High Court tells Board to not ‘trouble the children’, orders it to evaluate this year’s Class X and XII exams as per moderation policy
In a major relief to students, the Delhi High Court on Tuesday ordered the Central Board of Secondary Education (CBSE) to evaluate this year’s Class X and XII Board exams as per the grace marks policy that was in vogue when the students submitted the examination forms.
A Bench of Acting Chief Justice Gita Mittal and Justice Pratibha M. Singh refused to allow the CBSE to withdraw its moderation policy for the exams held this year, saying “rules cannot be changed after the game has begun”.
Under the moderation policy, grace marks are given to students in exams for difficult questions or errors in the question paper.
CBSE to consult Ministry
The CBSE has said it will consult the Ministry of Human Resource Development Ministry over the order.
“The Board will study the court order in detail and consult the Ministry to chalk out the future path. This however, may not delay the results as moderation is not a very time consuming task,” a source said.
While hearing a petition by a parent and an advocate challenging the Board’s decision to withdraw the moderation policy, the Bench said: “These children, who have worked so hard, are entitled to some stability and the only stability they know is the system. Do not instil insecurity in them. Don’t do it (withdrawal of the policy) this year,” the Bench said.
The ruling assumes significance as some States such as Kerala and Tamil Nadu have decided not to withdraw the moderation policy this year. The PIL has argued that students from such States would have an advantage over others when seeking admission into Delhi University.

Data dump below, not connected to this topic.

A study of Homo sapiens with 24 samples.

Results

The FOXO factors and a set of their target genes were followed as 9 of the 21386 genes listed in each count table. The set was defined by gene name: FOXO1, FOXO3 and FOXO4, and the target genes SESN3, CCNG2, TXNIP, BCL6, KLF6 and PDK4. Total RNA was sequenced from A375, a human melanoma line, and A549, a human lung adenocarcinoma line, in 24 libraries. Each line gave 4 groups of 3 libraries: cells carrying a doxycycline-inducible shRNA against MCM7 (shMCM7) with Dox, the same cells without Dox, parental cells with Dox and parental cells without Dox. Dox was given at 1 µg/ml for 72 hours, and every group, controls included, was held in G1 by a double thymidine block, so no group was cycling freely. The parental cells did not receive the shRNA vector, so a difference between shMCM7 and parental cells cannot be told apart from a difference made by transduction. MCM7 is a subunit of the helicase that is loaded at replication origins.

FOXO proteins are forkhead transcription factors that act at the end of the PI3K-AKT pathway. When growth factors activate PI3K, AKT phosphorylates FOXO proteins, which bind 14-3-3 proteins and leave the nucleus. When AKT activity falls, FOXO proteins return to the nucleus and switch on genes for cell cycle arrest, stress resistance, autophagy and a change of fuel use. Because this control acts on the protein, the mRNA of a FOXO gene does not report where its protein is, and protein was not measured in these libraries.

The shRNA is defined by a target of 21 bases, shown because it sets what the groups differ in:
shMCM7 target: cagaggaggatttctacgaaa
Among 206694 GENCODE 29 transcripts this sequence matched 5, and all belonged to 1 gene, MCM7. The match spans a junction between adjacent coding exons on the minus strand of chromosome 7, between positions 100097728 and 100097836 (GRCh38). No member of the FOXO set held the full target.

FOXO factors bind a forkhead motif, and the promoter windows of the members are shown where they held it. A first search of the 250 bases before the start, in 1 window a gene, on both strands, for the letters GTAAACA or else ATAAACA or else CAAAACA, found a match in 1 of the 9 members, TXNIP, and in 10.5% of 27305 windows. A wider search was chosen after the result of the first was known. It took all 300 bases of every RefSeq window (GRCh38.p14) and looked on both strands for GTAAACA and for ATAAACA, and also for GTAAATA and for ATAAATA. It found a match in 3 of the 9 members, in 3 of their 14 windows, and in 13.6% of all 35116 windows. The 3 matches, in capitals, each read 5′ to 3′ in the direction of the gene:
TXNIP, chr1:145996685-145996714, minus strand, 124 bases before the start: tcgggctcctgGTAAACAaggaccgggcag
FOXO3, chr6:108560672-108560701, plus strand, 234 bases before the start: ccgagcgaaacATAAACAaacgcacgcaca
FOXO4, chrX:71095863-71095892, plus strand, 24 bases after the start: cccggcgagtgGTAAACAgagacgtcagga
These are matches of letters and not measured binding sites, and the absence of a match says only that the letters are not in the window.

The court stated that while the CBSE’s decision to withdraw the policy was “wonderful” as it was attempting to bring uniformity in the evaluation process to address the issue of “spiking” of marks, it “should have been done prospectively and uniformly for everyone across the country”.
Trouble for students
The Bench stated that another “distressing” factor was that the CBSE had “completely ignored” the fact that conditional admission had been offered to Indian students by foreign varsities on the basis of the evaluation policy in place while it decided to withdraw the moderation policy.
It said the students who would have got such offers would have taken loans and made payments and if the policy is withdrawn, it would cause “grave and irreparable financial loss” to the children.
During the hearing, the court was told by the CBSE that the deliberations over the withdrawal of the policy had begun on April 24 this year and the decision was approved on May 4 and circulated on May 10.
The court noted that by April 24 a majority of the exams had already been held and evaluation of some subjects had already started.
The Bench has listed the matter forfurther hearing on July 20. On Monday, the HC had termed as “unfair and irresponsible” the CBSE’s decision to scrap its ‘moderation policy’.